Kids don't hate primary SATs as much as their parents and teachers do, according to three new surveys.
The survey of teachers by TES showed 89% are in favour of stopping SATs, and 68% of parents on Mumsnet agreed they should be scrapped.
However 56% of the school children (aged seven to 11) surveyed by First News thought the tests should not be stopped.
"Children are more capable of taking things in their stride than the adults around them sometimes think," said Nicky Cox, editor at First News.
Cox added that now children are beginning to unwind after months of work leading up to the SATs, it seems they are a lot more accepting of the testing regime than the adults around them.
Mumsnet founder, Justine Roberts, argued parents are concerned that SATs cause too much stress.
"SATs also cause a narrowing of horizons," she said.
"Parents understand the need for schools to be benchmarked and pupils’ progress measured, but they’re not convinced the current regime is the best way.
"That children disagree is both reassuring and no surprise - we’re used to our kids endlessly contradicting us."
Commenting on the results from the teachers' survey, Ann Mroz,TES digital publishing director and editor, said teachers believe the tests are going "too far".
"It is a very long time since we’ve had a SATs season as controversial as this one," she said.
"The new tests have proved contentious to say the least and it comes as no surprise, therefore, that teachers are keen to see them scrapped.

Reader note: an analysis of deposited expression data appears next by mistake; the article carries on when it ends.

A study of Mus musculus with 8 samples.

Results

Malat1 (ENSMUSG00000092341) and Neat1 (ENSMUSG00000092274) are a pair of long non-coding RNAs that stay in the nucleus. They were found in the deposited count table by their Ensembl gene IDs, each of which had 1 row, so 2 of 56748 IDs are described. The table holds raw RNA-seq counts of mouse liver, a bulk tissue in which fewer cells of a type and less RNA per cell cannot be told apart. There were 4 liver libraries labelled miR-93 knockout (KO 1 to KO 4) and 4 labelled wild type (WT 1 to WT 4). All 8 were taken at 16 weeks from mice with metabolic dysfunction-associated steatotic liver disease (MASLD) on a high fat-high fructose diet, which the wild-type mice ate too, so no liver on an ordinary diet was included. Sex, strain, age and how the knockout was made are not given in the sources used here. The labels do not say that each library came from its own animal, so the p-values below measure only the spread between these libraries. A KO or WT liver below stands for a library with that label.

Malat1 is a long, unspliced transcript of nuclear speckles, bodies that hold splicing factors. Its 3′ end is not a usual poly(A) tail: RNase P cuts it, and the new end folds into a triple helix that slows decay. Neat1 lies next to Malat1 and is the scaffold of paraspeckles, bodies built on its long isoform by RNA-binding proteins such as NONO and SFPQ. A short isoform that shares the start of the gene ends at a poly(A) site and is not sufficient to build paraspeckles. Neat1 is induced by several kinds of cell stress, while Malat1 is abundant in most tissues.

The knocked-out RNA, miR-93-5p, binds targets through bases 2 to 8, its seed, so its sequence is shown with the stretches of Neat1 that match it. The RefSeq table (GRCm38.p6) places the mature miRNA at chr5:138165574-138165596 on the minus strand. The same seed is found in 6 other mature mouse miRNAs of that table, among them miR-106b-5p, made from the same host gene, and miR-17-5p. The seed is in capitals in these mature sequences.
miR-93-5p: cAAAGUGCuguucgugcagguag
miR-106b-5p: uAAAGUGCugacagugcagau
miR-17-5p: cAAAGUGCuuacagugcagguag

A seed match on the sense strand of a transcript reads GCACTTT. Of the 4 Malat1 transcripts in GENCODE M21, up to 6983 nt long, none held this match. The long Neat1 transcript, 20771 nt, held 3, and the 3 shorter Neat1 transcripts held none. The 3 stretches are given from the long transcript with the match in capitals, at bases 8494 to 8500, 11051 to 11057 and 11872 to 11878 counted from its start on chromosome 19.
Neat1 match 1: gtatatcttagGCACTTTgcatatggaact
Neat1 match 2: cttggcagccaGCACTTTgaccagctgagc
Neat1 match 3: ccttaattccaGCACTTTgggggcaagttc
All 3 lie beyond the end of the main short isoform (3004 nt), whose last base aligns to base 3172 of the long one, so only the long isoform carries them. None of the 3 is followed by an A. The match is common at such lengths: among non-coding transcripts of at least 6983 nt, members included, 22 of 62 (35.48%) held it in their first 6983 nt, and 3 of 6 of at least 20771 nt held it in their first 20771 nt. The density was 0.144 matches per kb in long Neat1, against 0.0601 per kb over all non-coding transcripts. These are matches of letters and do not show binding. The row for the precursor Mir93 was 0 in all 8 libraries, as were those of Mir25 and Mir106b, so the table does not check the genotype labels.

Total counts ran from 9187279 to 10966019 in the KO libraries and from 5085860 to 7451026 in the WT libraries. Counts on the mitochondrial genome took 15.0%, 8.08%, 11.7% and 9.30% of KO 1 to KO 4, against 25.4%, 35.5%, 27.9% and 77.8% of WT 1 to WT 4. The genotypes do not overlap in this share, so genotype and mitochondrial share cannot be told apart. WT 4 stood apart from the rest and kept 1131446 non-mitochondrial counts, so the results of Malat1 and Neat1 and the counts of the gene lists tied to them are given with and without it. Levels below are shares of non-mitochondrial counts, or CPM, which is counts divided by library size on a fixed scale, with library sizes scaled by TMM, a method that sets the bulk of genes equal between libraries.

"Overwhelmingly teachers recognise that assessment and internal testing are needed to measure pupil progress, but for most of them 2016’s newly toughened high-stakes external tests go too far.
"And as we have seen this week, the system is being tested to the limit this year too, so trust is being eroded further."
Controversy over the SATs tests peaked when thousands of parents opted to take their Year 2 children out of school to protest over the exams.
The campaign named 'Let Our Kids Be Kids' argued children are “over-tested, over-worked and in a school system that places more importance on test results and league tables than children’s happiness and joy of learning”.
Parents who took part in the protest chose to have a “day of educational fun instead”, taking their children on nature trails, walks or completing creative learning at home.
Further controversy was caused when a Year 2 SATs maths question was posted online with adults arguing it was too hard for six- and seven-year-olds.
Parents also took to social media to say their children were coming out of exams "in tears" because they were so hard.
"Kids, you don’t need to know what a modal verb or subordinating conjunctive is to get where you want in life,” she wrote on Facebook.
“Go on adventures, dream BIG and don’t worry about your SATs scores.”